Brexit betrayal: EU forces British scientist out of £2.4million project: ‘Heartbreaking’


While the UK was promised it could participate as part of the Trade and Cooperation Agreement (TCA), the bloc told Britain it could no longer take part unless it resolves the dispute over the Northern Ireland Protocol.

Now, researchers claim the delay is harming British science as they continue to be left in the dark as to whether they will receive funding.

And they are relying on negotiators to strike a deal, leaving work hanging in the balance.

Foreign Secretary Liz Truss has threatened to rip up the Protocol in recent weeks as relations turn more soar, so it is perhaps not surprising UK-based scientists are bowing out.

Prof Walton, the Cambridge University astrophysicist, passed on his leadership role to a colleague in the Netherlands.

Carsten Welsch, a physicist at Liverpool University who won €2.6million (£2.2million) grant for a leadership role in a research project, is also considering following Prof Walton’s lead.

He told the Guardian: “As the UK’s association to Horizon Europe isn’t completed, we are now at real risk of losing our leadership in this consortium and to be marginalised.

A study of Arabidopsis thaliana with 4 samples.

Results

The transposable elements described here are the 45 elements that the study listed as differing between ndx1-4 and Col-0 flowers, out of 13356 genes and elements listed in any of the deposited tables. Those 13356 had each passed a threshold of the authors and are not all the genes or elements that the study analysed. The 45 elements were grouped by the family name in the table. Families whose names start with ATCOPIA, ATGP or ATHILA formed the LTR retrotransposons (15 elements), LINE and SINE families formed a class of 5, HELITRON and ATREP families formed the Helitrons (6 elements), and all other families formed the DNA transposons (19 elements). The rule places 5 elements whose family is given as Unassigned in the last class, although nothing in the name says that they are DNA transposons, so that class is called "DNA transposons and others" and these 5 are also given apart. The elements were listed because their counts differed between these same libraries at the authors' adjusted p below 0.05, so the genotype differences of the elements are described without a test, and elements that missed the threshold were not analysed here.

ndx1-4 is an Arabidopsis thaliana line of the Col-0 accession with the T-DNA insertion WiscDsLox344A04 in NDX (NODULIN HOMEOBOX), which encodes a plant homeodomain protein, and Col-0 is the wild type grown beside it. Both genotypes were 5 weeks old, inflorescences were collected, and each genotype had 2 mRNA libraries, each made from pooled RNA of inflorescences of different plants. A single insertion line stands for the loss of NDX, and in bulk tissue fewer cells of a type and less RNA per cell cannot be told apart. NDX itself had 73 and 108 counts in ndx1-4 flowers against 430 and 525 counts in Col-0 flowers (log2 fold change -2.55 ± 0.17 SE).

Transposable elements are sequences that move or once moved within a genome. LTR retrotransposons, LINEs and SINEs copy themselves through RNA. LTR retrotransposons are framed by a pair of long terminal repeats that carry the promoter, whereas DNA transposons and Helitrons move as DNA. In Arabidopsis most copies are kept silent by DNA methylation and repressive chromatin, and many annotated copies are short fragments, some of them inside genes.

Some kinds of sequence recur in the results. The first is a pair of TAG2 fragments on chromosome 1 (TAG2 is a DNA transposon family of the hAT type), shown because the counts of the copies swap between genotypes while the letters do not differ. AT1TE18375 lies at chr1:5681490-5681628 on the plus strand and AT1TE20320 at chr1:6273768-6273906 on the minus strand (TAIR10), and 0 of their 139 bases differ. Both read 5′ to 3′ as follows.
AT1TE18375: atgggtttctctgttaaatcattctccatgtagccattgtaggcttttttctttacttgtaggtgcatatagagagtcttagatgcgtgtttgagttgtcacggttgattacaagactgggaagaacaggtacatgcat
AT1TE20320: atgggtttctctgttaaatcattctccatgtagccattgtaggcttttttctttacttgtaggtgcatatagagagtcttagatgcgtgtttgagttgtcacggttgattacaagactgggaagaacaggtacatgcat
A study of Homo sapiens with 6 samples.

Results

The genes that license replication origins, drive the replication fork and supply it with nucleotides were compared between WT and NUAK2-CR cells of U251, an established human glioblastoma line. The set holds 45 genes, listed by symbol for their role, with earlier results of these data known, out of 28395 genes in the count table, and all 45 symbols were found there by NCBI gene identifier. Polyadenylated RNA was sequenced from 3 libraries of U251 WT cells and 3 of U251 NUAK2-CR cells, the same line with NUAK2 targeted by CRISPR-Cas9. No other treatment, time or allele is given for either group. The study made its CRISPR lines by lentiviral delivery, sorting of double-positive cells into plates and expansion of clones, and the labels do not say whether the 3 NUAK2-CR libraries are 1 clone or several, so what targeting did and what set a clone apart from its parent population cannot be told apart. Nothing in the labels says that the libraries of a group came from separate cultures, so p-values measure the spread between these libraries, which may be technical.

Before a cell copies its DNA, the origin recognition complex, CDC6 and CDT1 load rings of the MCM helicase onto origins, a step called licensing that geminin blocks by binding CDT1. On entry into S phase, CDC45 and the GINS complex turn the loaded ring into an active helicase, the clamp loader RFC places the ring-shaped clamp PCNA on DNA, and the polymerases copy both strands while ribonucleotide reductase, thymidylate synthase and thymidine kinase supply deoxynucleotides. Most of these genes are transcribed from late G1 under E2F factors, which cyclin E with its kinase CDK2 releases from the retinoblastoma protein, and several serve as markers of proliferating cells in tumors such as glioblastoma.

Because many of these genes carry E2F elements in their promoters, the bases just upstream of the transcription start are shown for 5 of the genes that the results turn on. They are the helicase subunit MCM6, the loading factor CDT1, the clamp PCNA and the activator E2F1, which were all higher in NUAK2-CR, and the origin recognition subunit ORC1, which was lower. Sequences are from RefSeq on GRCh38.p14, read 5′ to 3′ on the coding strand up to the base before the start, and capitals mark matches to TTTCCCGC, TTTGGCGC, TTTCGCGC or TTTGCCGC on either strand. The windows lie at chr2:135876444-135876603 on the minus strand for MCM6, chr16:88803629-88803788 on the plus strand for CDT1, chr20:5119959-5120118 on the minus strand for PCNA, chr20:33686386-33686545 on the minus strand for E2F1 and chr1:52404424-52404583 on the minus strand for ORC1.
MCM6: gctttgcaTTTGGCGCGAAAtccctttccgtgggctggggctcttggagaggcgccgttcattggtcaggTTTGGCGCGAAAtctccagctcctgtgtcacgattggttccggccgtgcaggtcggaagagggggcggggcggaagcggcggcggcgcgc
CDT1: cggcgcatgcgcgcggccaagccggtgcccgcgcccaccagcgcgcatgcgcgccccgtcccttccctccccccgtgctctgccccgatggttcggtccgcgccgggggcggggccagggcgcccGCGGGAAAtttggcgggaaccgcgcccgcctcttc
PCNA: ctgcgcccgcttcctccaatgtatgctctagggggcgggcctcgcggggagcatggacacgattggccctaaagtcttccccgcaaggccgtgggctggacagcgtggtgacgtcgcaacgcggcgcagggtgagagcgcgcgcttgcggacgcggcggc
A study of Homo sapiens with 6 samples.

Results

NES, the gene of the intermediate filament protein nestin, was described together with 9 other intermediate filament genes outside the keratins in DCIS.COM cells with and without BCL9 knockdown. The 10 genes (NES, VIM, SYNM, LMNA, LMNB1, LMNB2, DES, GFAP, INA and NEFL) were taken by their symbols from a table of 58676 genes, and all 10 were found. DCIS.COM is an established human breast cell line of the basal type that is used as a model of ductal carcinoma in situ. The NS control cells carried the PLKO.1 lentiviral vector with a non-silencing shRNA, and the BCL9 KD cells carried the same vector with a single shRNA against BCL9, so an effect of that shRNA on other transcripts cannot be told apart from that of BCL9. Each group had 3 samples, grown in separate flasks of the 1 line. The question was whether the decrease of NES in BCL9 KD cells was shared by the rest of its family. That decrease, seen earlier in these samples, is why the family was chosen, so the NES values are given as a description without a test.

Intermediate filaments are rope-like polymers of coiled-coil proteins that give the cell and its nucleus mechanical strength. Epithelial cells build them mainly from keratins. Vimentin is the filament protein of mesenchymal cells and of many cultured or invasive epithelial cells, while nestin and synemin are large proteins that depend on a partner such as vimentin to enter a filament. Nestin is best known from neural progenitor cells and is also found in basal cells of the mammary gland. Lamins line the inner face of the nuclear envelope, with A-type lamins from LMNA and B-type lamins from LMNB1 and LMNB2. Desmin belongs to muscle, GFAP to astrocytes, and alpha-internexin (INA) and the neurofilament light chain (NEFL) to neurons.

“This is really heartbreaking, given the long and extremely successful track record in scientific collaboration between the UK and EU.”

But these two scientists are not alone.

The European Research Council (ERC) had promised 150 UK-based applicants Starting, Consolidator and Advanced grants under the 2021 work programme for Horizon Europe.


“This is really heartbreaking, given the long and extremely successful track record in scientific collaboration between the UK and EU.”

But these two scientists are not alone.

The European Research Council (ERC) had promised 150 UK-based applicants Starting, Consolidator and Advanced grants under the 2021 work programme for Horizon Europe.

Back in March, the European Affairs Committee claimed that the UK’s participation in Horizon Europe was being used as a pawn in negotiations around unrelated areas of the post-Brexit UK–EU relationship.

They said: “The apparent politicisation of mutually beneficial scientific cooperation is a deeply regrettable development.”

The European Union’s ambassador to the UK, João Vale de Almeida has warned that British scientists face becoming “collateral damage” in the ongoing dispute.

Calling the situation “very regrettable”, he added that Britain’s place in Horizon Europe is at increasing risk of becoming a “victim of the political impasse”.